Monday, October 14, 2019

Trump as stressor -- Shep Smith edition

This is another one of those threads that goes back three of four years. The conservative movement's media strategy proved to be remarkably effective for a long time, but there waere always tensions and potential instability.

It only worked as long as things weren't pushed too far. With the mainstream press this meant keeping the spin just within the bounds of plausibility.

If you remember the elections of 2000 and 2004, you will probably recall talk of Karl Rove and his mastery of "political jujitsu." It was generally discussed as if it were some sort of mystical Jedi mind trick that allowed Rove to make strings into weaknesses and weaknesses into strengths. Mainly, it came down to the realization that most reporters would respond to obvious lies with straight faces and no follow-up questions.

In 2004, I remember Republican operatives making the argument that George W. Bush's military record compared favorably with that of John Kerry. Just to review, Kerry was a legitimate war hero in terms of courage, sacrifice, and effectiveness. On the other side of the ledger, even if we push aside all of the accusations and contested points about favoritism and completion of requirements, there is a relatively cushy stint in the National Guard.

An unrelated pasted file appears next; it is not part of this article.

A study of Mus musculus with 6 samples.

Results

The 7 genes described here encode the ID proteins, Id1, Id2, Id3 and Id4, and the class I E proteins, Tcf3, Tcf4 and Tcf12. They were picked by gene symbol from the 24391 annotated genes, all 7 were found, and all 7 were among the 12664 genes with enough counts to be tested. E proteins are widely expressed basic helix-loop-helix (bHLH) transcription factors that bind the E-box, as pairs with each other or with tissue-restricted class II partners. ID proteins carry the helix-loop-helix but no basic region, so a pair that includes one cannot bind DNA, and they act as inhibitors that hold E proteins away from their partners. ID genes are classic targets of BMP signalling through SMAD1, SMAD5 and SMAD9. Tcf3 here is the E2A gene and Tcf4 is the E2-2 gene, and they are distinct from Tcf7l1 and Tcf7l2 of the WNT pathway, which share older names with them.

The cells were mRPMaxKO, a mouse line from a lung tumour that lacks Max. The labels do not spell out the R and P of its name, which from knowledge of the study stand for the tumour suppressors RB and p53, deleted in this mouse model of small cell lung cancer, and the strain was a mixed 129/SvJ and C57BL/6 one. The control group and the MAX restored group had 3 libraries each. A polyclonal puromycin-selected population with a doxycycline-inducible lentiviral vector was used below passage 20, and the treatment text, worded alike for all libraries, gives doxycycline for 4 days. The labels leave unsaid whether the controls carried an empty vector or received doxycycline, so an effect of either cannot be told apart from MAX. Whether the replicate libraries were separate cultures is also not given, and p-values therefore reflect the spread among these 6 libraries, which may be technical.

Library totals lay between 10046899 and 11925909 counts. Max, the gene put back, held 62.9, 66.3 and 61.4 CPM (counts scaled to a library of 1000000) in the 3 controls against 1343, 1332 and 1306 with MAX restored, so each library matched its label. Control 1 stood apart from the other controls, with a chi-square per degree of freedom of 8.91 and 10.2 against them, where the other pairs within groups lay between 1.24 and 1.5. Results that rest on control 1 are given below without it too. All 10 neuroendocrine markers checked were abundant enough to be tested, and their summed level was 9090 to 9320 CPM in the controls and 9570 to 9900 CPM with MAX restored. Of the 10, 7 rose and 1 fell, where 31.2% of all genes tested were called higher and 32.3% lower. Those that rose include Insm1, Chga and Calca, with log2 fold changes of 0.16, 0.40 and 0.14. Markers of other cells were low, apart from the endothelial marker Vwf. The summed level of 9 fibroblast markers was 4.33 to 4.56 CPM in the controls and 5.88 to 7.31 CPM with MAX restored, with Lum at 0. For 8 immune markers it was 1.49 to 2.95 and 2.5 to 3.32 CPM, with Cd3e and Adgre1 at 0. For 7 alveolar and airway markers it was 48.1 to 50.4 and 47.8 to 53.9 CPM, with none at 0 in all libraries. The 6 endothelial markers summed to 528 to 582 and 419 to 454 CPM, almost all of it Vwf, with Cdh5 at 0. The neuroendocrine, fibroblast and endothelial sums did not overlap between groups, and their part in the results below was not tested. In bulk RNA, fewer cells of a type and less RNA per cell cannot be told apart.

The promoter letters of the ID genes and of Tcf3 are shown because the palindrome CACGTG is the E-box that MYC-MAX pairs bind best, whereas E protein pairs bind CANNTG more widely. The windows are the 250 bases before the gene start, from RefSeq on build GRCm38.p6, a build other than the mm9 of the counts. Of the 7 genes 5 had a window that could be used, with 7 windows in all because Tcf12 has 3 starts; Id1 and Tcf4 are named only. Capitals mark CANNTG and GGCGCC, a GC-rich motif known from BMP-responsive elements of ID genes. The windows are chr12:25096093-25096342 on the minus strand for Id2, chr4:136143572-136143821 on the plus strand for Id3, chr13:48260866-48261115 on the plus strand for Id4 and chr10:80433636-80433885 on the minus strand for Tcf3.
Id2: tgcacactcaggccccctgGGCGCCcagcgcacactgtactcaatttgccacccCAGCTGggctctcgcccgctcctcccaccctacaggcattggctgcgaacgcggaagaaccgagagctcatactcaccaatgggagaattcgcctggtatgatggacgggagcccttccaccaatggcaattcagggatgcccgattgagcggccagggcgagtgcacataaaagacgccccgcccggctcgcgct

These and other clearly untrue statements were usually allowed to stand largely because this was a symbiotic relationship. It was in both the source's and the journalist's interests to keep this relationship going and not to push the boundaries in either direction.
Another component was keeping a veneer of respectability on Fox News. This rested primarily on two journalists, Chris Wallace and Shep Smith. For decades, you could find actual news on  Fox, even though the majority of the programming consisted of spin, propaganda and often outright disinformation. These two types of shows could coexist because there was some overlap, or at least proximity, between the two narratives.

Over the past few years, the two versions have drifted so far apart that something has to break. Breakage, sharp and sudden, is what we saw last week. To get a sense of just how unexpected, check out the reactions in this clip. Cavuto and Roberts were professional enough to keep talking but they couldn't hide their shock.